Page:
Sorry this post is a day late. I meant to post it ON Valentine’s Day, but work and lack of sleep due to stress made my brain too mushy to make real sense. Annnyywayy, take it in the spirit of V-Day, for which it was intended.
As an endurance athlete, especially a female endurance athlete, you get addicted to being tough. Or, maybe, like me, you wedded the idea of toughness long before becoming more serious about exercise. After years of being treated like a doormat and a pariah in middle school, having my first high school boyfriend break up with me and drag my heart through the mud for years afterward, I developed a kind of obsession with toughness. As I grew through my 20s and 30s, I found new ways to seem “tough,” “cool,” “impenetrable.” Only through my writing did I maintain the REAL me. In everyday life, learned to withdraw more and more, to guard my feelings, to always seem like I had it, “together.”
Our culture celebrates toughness. Too often we hear of “hero” stories, where a person pushed through excruciating pain and hardship to achieve a goal. We want to be inspired to achieve things, and to help us to push past our own weaknesses. Never once do we think that, sometimes, these weaknesses can also help us along in our journey.
Vulnerability. It’s a concept that recently slapped me in the face, and has subsequently seemed to come into the forefront of my life as I have experienced so many obstacles in my path over the past couple of years. I even notice the word itself popping out at me as I read people’s Facebook status posts, or get a fortune cookie, or read articles online.
Athletes are so afraid to admit vulnerability. When injured or laid up, we seek the shortest possible route to get back to doing what we do. We are terrified of starting over, of admitting defeat, and so we push past reasonable limits, until, “Uh-oh!” we really CAN’T do anything. Until something’s broken or torn or irreversible, it’s unacceptable to say, “Hey, maybe I need to slow down, to be in this moment of vulnerability,” because it’s scary. It’s so scary to be open, to admit that we need time for self care. Ironically, therein lies our TRUE strength.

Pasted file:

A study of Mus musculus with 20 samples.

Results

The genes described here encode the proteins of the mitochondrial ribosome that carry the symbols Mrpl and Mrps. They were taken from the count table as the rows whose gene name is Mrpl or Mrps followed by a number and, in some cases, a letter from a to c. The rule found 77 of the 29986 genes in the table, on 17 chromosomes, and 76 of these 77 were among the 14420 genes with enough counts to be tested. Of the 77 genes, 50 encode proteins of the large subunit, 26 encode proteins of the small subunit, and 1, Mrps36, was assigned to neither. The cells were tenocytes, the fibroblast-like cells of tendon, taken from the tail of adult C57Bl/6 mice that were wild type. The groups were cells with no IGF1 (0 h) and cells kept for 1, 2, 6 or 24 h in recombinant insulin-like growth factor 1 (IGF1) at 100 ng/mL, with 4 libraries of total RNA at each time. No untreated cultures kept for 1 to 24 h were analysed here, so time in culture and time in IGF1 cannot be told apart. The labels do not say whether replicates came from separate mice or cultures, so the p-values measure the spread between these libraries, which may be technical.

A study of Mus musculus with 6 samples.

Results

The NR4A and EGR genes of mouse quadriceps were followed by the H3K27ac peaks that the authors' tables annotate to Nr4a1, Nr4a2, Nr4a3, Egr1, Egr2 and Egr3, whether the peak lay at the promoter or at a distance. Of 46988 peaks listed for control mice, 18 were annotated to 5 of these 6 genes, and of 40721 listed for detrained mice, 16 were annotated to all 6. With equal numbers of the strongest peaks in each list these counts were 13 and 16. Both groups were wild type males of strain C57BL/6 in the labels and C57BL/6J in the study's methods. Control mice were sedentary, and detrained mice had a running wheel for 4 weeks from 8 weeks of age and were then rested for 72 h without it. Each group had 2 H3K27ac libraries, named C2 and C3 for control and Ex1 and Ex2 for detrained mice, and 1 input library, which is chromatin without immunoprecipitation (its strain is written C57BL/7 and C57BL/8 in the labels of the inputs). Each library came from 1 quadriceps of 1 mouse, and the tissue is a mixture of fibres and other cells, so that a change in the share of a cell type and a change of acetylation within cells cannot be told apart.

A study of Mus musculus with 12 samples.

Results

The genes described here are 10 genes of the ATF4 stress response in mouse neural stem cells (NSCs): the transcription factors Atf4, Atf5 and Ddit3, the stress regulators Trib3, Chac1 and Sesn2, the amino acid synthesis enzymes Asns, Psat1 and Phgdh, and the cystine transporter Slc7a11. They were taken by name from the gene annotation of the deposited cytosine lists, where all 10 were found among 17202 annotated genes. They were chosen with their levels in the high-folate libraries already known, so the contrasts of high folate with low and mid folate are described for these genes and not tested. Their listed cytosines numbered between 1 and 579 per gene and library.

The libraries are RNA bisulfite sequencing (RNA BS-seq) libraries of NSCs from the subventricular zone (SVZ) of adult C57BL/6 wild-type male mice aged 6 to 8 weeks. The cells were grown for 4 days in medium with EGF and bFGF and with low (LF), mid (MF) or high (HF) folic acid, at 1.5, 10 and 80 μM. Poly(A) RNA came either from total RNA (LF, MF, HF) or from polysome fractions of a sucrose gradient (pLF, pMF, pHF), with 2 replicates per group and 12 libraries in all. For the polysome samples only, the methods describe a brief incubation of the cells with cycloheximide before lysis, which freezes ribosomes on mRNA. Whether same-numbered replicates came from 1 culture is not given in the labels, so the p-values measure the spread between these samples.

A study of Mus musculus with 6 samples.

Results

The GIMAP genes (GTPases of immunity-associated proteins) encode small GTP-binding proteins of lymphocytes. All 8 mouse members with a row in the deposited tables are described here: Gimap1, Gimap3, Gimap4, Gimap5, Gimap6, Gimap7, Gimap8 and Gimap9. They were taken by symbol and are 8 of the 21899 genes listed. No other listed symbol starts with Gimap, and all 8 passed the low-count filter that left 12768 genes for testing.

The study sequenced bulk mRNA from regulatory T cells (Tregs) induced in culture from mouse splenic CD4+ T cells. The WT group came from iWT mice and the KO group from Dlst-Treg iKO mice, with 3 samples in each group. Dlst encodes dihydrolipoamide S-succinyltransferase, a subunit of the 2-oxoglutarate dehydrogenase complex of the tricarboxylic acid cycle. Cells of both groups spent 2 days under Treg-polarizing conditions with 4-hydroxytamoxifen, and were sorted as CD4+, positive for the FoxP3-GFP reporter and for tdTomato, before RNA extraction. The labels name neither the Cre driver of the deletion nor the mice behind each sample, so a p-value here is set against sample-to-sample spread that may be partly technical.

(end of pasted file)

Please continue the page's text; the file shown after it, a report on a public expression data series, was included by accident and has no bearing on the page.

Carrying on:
I don’t know how to NOT push myself. It seems as though, every workout that I intend to be “slow and easy” ends up in a full-out sprint somewhere, or I take a hilly route, or end up glancing at my pace on my watch in anxious dismay. It is hard for me to be vulnerable and let my whole body agree to just “chilling out” and enjoying a relaxed workout.
In my personal life, I have trouble forming intimate relationships because I’m terrified that people will see me as my true self, which is not “cool” or “tough”– I’m often afraid to admit that I need connection. People in real life have often said that, on first meeting, I seem “aloof,” but the truth is I’m just a big dork, I’m sentimental, and I’m afraid of letting that part out, that I’m not always “perfect.” Wow, shocker, right?
I’m learning that it’s not the impressive things we do that give us the long term strength to carry us over the rough patches, and it’s not those things that make people really want to know us, and love us. It’s the times when we admit that we’re not infallible, that still sing along to Ace of Base in the shower, or that we walked at the top of that big hill because our muscles and tendons weren’t ready for major hill training yet, that we get to a better place in life with others and with ourselves. If that’s the case, being vulnerable is worth training for.